Swiss Foundation for Bearded Vultures

Swiss Foundation for Bearded Vultures -

For a long time, the bearded vulture – with a wingspan of almost three metres and piercing red eyes – was persecuted, before finally disappearing from our mountain landscape around 100 years ago. The Stiftung Pro Bartgeier (Swiss Foundation for Bearded Vultures) is campaigning to return this magnificent bird of prey to its former Alpine habitat.

Labelled a "child eater" and believed to attack lambs, the bearded vulture was extirpated from the Alps in the 19th century. There were various contributing factors: On the one hand, the food supply for this scavenger dwindled as pasture farming began to die out and the population of wild animals reached an all-time low. On the other, the bearded vulture was ruthlessly persecuted by hunters and trophy hunters.

The Swiss Foundation for Bearded Vultures, a charitable organisation, was set up in 1999, as a follow-on from the "Gesellschaft zu Wiederansiedlung des Bartgeiers" (Society for the Reintroduction of the Bearded Vulture), established in 1990. The Foundation aims to create suitable conditions for the reintroduction of the bearded vulture, to release birds into the wild in Switzerland and neighbouring Alpine regions, and to provide support for every aspect of the reintroduction programme. To achieve this, it works with diverse organisations and partners at home and abroad.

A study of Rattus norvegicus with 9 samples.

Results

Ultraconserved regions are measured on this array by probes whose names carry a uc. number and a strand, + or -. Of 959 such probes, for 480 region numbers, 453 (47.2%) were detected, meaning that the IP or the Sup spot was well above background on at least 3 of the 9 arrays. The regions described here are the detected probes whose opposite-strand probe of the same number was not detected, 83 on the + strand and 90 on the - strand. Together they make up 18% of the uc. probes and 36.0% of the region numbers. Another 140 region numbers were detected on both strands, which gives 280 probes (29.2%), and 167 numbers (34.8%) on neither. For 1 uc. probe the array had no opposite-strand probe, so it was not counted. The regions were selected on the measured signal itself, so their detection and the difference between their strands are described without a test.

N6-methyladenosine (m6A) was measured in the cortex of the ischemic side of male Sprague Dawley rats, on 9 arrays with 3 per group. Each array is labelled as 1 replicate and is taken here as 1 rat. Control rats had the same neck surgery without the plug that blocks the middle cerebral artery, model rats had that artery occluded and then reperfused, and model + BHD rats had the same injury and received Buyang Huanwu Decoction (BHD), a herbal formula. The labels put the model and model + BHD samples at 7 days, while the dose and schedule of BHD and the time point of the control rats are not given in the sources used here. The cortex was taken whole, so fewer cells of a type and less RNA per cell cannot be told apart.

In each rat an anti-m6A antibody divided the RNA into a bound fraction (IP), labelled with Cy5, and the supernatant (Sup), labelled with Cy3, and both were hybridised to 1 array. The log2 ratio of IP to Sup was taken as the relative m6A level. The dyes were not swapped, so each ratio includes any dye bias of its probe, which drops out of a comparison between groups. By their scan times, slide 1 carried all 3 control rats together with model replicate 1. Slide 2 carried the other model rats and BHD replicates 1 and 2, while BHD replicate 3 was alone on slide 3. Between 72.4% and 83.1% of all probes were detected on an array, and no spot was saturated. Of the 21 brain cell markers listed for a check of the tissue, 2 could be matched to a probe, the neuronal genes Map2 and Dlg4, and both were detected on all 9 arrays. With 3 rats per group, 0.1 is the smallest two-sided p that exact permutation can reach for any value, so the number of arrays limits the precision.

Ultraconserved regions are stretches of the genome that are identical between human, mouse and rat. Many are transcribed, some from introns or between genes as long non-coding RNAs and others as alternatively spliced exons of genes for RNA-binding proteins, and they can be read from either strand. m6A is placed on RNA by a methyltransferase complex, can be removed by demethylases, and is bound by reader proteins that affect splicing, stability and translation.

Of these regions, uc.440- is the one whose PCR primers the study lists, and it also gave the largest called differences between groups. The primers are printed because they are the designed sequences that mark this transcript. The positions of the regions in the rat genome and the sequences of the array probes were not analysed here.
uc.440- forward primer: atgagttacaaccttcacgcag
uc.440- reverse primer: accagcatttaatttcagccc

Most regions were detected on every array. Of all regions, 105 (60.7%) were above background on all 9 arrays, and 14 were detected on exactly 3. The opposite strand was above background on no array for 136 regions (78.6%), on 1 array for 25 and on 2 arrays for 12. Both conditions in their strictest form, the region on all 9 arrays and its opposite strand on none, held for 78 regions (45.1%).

The bearded vulture is to be found in remote and rocky mountain regions above the tree line in Europe, Africa and Asia. It has silvery grey plumage with light brown or rust patches on the head, neck and legs. The long, pointed wings and wedge-shaped tail are distinctive. With a wing span of up to three metres, the bearded vulture is an accomplished flyer. It feeds on dead animals – or rather: its diet is almost 90 per cent bones. The bird drops the larger bones from a great height on to rocky slopes in order to break them.

Thanks to the successful reintroduction project, around 150 bearded vultures now live in the Alps, according to sightings – the actual population numbers are likely to be higher as it is barely possible to spot every bird.

Commitment to nature

Commitment to nature

Jürg Paul Müller, a biologist from Chur, is one of the foremost campaigners for the reintroduction of the bearded vulture to the Alps. The 69-year-old is passionate about re-establishing the bearded vulture – but he is committed to other causes too.

A bird's-eye view: bearded vultures in the Alps

A bird's-eye view: bearded vultures in the Alps

"The bearded vulture has a really calm way of approaching life – and that's what fascinates me," says Jürg Paul Müller. The biologist from Chur is one of those campaigning to resettle the bearded vulture in the Alps. Together with his team from the 'Pro Bartgeier' Foundation, he is making sure that these sedate birds, which were wiped out at the end of the nineteenth century, once more glide through our realms.